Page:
Hill of Great Darkness, by H. C. Beckerr (WestBow Press, 2011)
In the year 2037, a prototype spaceship called Magellan sets out from Earth on a mission to test a revolutionary new propulsion system—and disappears. The US government will label what happens next “The Magellan Incident” and bury it deep in classified files. An international terrorist group will use whatever means necessary to find the truth and use it for mass destruction.
There’s much to like about this story. The technology is clever and plausible (to this non-scientist reader), the spacecraft itself is funded privately instead of being tied to a particular government’s agenda, there’s a terrorist threat, there are interesting characters, and there are surprises. There’s even a link to the past and the mysterious disappearance of the Native American people known as the Mississippians, of whom I had not heard.
The story is narrated from an omniscient viewpoint, complete with sprinkles of dry humour. While the voice is natural for relating anecdotes over coffee, the low-key delivery often “tells, rather than shows,” which might better suit a literary tale than an action-based plot.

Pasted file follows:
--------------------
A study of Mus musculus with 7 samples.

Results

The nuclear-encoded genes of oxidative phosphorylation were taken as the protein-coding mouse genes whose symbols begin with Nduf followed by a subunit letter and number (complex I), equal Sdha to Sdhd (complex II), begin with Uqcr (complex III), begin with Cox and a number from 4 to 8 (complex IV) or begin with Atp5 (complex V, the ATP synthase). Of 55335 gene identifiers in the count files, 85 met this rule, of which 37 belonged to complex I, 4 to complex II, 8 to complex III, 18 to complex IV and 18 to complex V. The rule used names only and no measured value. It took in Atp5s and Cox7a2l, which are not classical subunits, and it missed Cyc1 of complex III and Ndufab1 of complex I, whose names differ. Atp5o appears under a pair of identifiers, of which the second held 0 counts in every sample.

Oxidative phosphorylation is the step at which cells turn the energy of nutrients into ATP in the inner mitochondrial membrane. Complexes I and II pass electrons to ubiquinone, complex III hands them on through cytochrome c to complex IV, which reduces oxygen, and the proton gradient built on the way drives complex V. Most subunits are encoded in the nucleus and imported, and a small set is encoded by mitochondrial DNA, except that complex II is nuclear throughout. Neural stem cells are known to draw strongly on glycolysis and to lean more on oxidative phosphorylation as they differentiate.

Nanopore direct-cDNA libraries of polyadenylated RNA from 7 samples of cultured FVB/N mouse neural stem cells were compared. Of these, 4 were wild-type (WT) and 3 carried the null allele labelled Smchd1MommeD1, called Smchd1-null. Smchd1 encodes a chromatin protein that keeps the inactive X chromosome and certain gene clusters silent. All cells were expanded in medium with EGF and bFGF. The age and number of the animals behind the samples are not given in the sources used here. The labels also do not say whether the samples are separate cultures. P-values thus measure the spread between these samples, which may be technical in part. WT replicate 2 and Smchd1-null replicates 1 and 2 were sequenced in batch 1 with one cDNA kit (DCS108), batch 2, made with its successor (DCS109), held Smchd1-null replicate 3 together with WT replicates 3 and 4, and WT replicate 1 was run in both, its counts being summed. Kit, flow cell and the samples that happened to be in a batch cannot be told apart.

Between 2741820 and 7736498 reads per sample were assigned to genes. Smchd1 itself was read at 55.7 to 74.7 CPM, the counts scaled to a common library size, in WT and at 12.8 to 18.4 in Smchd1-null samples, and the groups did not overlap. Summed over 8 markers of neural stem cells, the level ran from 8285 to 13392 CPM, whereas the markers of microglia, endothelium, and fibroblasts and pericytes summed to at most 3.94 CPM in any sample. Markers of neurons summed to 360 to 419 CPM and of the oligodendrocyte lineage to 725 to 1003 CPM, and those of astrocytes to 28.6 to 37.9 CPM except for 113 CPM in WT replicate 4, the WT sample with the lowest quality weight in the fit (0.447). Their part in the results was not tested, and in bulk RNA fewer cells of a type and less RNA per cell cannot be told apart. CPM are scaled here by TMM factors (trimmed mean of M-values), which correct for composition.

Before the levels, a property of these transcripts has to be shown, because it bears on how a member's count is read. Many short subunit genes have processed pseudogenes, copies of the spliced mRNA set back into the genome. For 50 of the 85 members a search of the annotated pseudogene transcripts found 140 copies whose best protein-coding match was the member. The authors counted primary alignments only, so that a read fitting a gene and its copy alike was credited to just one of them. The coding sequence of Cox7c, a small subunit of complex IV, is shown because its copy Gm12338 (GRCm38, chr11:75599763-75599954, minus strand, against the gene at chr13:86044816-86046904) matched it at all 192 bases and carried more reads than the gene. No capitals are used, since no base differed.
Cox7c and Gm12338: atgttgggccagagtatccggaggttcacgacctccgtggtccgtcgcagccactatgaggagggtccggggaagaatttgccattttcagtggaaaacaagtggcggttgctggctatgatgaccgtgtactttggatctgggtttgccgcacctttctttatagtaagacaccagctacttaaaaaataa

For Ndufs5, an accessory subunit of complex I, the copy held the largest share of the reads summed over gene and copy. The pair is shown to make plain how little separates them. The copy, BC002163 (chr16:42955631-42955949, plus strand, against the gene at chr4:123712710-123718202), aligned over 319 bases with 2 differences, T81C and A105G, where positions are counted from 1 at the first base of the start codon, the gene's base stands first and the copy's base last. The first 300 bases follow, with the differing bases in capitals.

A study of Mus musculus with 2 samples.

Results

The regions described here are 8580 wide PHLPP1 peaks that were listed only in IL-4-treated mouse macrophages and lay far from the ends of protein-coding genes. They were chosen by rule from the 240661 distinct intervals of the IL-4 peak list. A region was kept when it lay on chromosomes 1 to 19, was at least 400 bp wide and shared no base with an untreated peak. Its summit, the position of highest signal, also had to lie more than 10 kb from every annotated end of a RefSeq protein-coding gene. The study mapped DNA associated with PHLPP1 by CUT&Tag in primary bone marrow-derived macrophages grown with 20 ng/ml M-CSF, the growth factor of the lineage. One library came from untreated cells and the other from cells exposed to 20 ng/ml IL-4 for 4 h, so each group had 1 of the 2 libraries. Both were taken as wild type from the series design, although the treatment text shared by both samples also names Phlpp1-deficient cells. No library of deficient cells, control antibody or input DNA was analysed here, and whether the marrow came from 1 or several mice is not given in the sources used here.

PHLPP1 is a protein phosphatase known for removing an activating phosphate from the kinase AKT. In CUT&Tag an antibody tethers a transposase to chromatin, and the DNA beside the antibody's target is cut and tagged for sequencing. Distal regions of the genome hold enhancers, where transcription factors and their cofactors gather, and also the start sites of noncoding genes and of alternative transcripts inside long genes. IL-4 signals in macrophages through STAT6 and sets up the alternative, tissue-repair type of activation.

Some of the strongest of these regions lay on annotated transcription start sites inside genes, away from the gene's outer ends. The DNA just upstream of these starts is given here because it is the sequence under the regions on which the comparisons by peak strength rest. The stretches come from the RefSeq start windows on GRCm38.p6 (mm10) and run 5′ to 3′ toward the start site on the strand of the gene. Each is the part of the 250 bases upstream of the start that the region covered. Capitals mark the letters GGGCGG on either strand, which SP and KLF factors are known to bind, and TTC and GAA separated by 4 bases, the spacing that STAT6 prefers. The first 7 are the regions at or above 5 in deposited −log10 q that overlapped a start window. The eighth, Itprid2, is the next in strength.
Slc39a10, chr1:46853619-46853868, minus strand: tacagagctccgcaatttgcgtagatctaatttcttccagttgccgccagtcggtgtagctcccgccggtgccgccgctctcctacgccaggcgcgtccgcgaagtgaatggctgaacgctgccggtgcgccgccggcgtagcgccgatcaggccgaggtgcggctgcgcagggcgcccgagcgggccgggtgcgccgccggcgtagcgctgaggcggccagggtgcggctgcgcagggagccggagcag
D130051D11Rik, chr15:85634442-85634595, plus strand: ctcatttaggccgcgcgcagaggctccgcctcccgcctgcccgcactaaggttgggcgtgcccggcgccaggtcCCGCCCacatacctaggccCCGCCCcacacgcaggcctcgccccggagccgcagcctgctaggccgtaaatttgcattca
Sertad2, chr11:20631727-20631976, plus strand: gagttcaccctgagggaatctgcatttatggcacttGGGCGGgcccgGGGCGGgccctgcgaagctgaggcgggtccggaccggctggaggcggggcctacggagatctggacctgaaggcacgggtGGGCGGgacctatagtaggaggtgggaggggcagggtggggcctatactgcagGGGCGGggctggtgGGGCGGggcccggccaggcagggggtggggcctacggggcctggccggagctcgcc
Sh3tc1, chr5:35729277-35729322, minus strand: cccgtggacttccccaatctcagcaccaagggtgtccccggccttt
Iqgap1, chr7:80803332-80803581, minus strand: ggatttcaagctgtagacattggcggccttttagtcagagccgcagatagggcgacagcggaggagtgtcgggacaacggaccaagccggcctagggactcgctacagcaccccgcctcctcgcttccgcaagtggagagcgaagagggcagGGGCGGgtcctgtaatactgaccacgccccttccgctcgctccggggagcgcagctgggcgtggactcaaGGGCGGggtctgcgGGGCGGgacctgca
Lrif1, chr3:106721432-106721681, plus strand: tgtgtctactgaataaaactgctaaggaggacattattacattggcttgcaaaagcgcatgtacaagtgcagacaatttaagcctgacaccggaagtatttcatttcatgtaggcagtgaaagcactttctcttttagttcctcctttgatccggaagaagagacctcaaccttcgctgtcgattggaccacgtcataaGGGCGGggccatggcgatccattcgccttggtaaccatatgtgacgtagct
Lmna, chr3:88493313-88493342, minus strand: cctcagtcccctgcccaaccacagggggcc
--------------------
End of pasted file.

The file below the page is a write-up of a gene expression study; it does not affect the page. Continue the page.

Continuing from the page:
The characters are a mix of heroes, scientists, ordinary folk and villains. Perhaps my favourite is Simone Syette, a brilliant Ugandan scientist who speaks her mind, trusts in Jesus Christ, and is the inventor of Magellan‘s drive unit. It’s clear that the author knows and loves his characters and has put serious time into developing them.
Hill of Great Darkness is a good story that could have been fantastic. The elements are all there, waiting to be teased out by a gifted editor. I’d love to see what Marcher Lord Press would have done with this.
The novel is well worth reading, and the ending sets up a sequel. You can read an interview with H. C. Beckerr at The Old Stone Wall (that’s where I won a copy of the book) and connect with him on Facebook. Hill of Great Darkness is available in softcover, hardcover, and ebook formats. Amazon.ca, Amazon.com.